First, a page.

Department of Plant Sciences

UC Davis

Progressive wetting of initially hydrophobic plant surfaces by salts – a prerequisite for hydraulic activation of stomata?


Nutrient input by atmospheric particles is important or even essential for forest ecosystems. Many particles will first deposit to leaf surfaces. Competition is avoided by direct foliar uptake, compared to uptake via the soil. While there is meanwhile clear evidence for foliar uptake to happen via the stomata under natural conditions, this requires the establishment of a liquid water connection along the hydrophobic stomatal walls, called ‘hydraulic activation of stomata’ (HAS). Several possibilities for HAS to establish have been suggested including fungal hyphae, bacteria, and salts. Here we show for the first time the spreading of different salts on hydrophobic cuticles by repeated drying/wetting cycles, a plausible model for HAS.

NaCl, K2HPO4, and NaClO3 were placed on hydrophobic leaf surfaces or isolated cuticles. Gas exchange and water use efficiency were recorded for several days after the application of droplets on bean (Vicia faba) and on apple (Malus domesticus) leaves. Repeated drying/wetting cycles for the different salts were observed with an environmental scanning electron microscope (ESEM).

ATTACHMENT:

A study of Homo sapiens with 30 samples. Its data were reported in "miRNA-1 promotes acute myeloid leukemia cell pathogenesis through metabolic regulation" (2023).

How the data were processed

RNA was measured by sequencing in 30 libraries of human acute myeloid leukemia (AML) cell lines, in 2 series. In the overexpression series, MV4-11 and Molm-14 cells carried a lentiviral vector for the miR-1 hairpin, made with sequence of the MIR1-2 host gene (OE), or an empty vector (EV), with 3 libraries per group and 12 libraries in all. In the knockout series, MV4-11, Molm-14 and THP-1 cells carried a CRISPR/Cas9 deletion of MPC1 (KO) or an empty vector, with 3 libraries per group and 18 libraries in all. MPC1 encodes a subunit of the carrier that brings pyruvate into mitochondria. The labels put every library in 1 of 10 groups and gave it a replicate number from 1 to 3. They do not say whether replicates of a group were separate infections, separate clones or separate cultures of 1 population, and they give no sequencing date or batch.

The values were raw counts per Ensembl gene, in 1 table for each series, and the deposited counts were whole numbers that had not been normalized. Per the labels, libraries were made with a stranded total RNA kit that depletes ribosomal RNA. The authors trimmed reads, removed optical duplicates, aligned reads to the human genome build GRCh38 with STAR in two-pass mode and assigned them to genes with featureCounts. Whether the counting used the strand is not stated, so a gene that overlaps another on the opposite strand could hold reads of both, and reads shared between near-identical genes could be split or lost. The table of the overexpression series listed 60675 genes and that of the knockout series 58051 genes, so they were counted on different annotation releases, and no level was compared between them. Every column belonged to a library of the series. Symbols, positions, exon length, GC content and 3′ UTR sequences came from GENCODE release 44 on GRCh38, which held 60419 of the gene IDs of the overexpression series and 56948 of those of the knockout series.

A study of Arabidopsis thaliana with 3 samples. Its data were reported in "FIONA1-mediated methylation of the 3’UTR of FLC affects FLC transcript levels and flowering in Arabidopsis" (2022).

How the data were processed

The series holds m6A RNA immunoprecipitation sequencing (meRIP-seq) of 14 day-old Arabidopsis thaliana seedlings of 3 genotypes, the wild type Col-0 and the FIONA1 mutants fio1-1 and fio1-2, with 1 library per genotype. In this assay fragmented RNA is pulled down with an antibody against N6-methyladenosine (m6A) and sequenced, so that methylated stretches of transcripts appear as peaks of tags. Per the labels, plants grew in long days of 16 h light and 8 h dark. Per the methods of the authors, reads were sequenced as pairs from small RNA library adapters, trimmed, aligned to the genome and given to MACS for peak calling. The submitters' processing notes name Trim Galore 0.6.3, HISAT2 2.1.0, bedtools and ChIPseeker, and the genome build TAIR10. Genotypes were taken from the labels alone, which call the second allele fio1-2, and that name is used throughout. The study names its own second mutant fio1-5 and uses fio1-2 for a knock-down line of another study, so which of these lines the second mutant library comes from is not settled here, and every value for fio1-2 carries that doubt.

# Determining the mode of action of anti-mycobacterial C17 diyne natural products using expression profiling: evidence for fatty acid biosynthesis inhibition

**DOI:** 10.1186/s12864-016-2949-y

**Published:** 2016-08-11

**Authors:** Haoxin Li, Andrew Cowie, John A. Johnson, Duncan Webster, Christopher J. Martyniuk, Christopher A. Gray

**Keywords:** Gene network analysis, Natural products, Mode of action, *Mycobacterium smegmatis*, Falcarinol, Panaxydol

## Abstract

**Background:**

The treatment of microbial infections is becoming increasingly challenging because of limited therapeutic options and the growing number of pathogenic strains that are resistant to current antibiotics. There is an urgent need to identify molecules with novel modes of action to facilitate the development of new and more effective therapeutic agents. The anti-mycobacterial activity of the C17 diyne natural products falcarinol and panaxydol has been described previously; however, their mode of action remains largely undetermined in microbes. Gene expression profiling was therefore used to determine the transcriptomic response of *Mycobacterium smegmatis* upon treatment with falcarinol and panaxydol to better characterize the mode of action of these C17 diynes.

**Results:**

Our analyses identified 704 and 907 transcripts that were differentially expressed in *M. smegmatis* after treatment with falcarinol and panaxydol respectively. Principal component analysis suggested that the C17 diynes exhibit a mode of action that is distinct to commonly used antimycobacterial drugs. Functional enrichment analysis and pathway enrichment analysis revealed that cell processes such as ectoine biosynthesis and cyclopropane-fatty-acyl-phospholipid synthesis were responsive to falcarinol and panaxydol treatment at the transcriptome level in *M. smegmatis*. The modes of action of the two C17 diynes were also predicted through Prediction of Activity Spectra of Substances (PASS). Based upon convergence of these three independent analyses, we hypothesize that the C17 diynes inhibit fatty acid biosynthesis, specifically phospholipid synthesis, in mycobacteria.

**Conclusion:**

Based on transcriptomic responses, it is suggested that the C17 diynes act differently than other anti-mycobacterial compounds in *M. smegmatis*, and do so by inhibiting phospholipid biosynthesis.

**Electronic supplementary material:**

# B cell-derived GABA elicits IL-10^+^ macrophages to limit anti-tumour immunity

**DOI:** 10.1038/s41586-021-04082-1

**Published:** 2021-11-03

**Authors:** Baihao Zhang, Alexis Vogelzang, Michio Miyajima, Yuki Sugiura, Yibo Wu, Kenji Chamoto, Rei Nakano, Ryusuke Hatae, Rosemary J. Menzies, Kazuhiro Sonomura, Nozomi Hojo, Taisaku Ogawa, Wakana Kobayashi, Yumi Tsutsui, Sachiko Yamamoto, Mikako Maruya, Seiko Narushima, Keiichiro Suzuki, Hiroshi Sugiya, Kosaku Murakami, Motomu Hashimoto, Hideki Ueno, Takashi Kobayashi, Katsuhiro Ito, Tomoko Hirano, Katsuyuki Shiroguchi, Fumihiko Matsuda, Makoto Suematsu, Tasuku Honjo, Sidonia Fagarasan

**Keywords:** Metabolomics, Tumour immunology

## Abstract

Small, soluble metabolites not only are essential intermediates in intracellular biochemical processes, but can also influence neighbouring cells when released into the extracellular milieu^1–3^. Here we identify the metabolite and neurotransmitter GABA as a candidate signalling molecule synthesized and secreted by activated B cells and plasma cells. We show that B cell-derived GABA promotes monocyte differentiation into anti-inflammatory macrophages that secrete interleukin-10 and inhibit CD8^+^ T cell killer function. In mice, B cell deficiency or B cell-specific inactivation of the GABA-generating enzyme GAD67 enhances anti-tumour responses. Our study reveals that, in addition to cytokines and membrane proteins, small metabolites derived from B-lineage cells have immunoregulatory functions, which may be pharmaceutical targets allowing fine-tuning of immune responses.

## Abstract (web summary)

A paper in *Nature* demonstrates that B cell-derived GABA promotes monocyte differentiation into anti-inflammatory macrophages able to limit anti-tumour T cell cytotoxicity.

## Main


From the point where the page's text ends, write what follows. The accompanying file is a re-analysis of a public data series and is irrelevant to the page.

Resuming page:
Apple leaves treated with NaClO3 on the astomatous adaxial surface were unaffected while treatment on stomatous abaxial surfaces caused photosynthesis and water use efficiency to decrease. Transpiration of bean leaves increased after K2HPO4 application, while water use efficiency decreased. Salts changed their appearance by drying wetting cycles, after some time spreading out in dentritic growth.

The study shows the crucial influence of stomata for the transport of ionic substances, the interaction of hygroscopic salts with plant water relations, and a possible mechanism for HAS establishment.